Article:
Love for one's mother tongue

Shihab Sarkar | Published: December 07, 2019 20:52:27

The nearly obsessive act would have suited linguistically sensitive nations like the French or the Germans. Both the nations are said to be highly protective about their mother tongues. But in an unusual turn of linguistic developments, it is the English language which also had to experience it. Involving the whole gamut of the language, however, would be an overstatement. But waging a virtual war for retaining a particular usage of English and purity of the language has brought the episode under wide focus. The matter amply speaks of the love and passion a Briton and some like-minded people nurture for their language. Incidents like this has occurred rarely in the history of English, a language used by greats ranging from Shakespeare, Milton, Bernard Shaw, the Romantics to TS Eliot, DH Lawrence to Dylan Thomas and many others.

It was Mathew Arnold who could have sparked a row over incorrect use of an English phrase or idiom. Paradoxically, the English-lovers had to wait for nearly two centuries to encounter such a debate in the second decade of the 21st century. In the meantime, the language in Britain has undergone many changes in use. Thanks to the imperial power's colonisation of vast swathes of the world, the influences of the colonies' languages have left their mark on English. Apart from words, phrases and syntaxes, lots of grammatical rules have been found bent to suit languages used in the colonised lands.

The protagonist of the latest saga of the English language is a consummately groomed Englishman. He won't compromise on even any negligible irregularity in the use of English. He is John Richards, 96, a retired British journalist. Outwardly, Richards appears to have conceded defeat in his fight to preserve the correct use of the sign of apostrophe. A digressive question pops up. Has Richards been really defeated? Lots of English-knowing and speaking people will respond with an emphatic 'No'. It's because he has not given up on his fight. The uncompromising journalist's closing down the campaign to save the pure form of apostrophe was, undoubtedly, a heroic step. It showed the world that in what circumstances Richards had to withdraw from a fight against "ignorance and laziness".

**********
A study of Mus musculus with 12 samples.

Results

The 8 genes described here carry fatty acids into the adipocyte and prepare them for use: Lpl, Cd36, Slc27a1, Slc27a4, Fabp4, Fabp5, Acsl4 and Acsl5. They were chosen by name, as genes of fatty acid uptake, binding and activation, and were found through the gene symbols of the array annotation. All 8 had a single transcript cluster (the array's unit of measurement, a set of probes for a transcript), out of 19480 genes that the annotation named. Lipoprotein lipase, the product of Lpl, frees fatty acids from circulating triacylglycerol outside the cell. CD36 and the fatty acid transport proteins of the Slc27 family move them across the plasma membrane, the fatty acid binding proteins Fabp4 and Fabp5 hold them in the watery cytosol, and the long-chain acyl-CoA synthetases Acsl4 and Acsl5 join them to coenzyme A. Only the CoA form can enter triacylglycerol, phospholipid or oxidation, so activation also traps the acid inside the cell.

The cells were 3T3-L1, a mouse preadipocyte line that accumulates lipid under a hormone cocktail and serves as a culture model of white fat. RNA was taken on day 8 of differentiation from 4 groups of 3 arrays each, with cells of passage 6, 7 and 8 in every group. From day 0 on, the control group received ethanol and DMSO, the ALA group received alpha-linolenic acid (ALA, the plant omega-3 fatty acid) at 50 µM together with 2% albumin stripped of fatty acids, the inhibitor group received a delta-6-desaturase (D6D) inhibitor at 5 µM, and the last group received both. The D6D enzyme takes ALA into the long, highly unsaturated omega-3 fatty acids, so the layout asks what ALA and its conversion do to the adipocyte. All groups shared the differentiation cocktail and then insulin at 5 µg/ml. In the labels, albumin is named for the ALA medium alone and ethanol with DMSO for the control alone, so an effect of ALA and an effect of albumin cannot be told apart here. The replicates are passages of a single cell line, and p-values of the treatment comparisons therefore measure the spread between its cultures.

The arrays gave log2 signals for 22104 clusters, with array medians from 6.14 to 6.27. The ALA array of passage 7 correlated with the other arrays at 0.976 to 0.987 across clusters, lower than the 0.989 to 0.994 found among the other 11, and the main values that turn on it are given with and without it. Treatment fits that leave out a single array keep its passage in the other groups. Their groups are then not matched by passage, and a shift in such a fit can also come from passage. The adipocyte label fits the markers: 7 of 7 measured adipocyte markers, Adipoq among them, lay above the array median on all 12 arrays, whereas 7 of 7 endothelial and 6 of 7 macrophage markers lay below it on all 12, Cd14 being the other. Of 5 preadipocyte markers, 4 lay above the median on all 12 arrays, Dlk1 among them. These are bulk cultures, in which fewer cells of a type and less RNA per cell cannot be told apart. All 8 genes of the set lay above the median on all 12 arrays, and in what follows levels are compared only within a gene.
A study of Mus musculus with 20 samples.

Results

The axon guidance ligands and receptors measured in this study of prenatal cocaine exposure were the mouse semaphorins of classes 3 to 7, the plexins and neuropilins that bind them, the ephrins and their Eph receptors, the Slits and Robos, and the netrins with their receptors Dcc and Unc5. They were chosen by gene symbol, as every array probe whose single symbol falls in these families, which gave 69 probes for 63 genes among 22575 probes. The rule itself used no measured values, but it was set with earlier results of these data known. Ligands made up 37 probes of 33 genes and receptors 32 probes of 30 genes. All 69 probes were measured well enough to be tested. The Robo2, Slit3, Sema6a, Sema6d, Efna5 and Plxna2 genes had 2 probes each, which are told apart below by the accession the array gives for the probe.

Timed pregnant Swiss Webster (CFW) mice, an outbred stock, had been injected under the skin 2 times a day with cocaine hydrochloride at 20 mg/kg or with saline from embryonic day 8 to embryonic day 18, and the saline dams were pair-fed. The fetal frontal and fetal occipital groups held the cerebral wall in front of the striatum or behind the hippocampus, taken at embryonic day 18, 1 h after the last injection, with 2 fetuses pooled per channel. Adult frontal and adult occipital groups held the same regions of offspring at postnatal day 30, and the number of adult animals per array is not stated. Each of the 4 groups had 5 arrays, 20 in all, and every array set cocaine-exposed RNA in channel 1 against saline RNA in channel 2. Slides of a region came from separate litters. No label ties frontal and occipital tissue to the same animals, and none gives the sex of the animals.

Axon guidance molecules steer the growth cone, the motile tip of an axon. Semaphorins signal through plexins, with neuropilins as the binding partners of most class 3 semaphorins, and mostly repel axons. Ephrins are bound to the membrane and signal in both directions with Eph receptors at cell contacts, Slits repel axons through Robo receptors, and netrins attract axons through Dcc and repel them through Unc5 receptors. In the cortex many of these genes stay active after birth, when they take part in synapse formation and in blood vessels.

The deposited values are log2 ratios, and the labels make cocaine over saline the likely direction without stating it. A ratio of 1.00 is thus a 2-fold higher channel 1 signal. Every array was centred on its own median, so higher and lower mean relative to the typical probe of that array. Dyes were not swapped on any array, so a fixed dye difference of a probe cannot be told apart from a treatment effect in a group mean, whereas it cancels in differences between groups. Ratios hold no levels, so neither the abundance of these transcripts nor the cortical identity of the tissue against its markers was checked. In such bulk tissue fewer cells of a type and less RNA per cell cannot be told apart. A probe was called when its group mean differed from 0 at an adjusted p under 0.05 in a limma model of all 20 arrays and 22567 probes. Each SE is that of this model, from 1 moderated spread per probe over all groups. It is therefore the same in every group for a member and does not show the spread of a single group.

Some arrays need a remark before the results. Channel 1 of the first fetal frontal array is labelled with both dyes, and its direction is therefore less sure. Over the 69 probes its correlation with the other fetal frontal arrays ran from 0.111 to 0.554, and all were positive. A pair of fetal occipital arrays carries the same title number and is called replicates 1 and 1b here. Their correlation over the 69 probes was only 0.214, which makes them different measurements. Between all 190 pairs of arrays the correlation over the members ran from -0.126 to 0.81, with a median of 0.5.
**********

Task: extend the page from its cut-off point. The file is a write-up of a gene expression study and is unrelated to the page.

According to the media, the founder of the platform Apostrophe Protection Society, starting in 2001 --- the retired journalist, and his comrades had been engaged in an all-out fight to save the "much abused punctuation mark of apostrophe". In a span of a quarter of his career as a 'copy editor', the elderly journalist found to his dismay the practice of freestyle and wrong use of the punctuation by the press people. Some from his community might dub him 'fixated'. But Richards has discovered the error among the general people, too. None could blame him if he had expressed doubt about the future of English, much touted as the global lingua franca.

The ironical aspect of the episode is when Richards was about to retire from journalism, he was said to have been "spotting the same linguistic error in daily life". It prompted him to decide to "take action". With a feeling of hopelessness and disillusionment, he identified apostrophe as an endangered species which needed protection. But later, disillusioned and shattered, he closed down his Society instead.

The use of apostrophe (') is not at all tricky. It mainly denotes possession, namely, Selim's book, the rich nations' club etc. It is also used in omission of letters or numbers. Examples --- can't (cannot), they're (they are); or 16 Dec, `71, 21st Feb, `52 etc. Given the instances of sheer carelessness in the use of a rule of English, how can we justify the atrocious spellings used in Bangla sentences? They're simply an affront to the spirit of the 1952 Language Movement.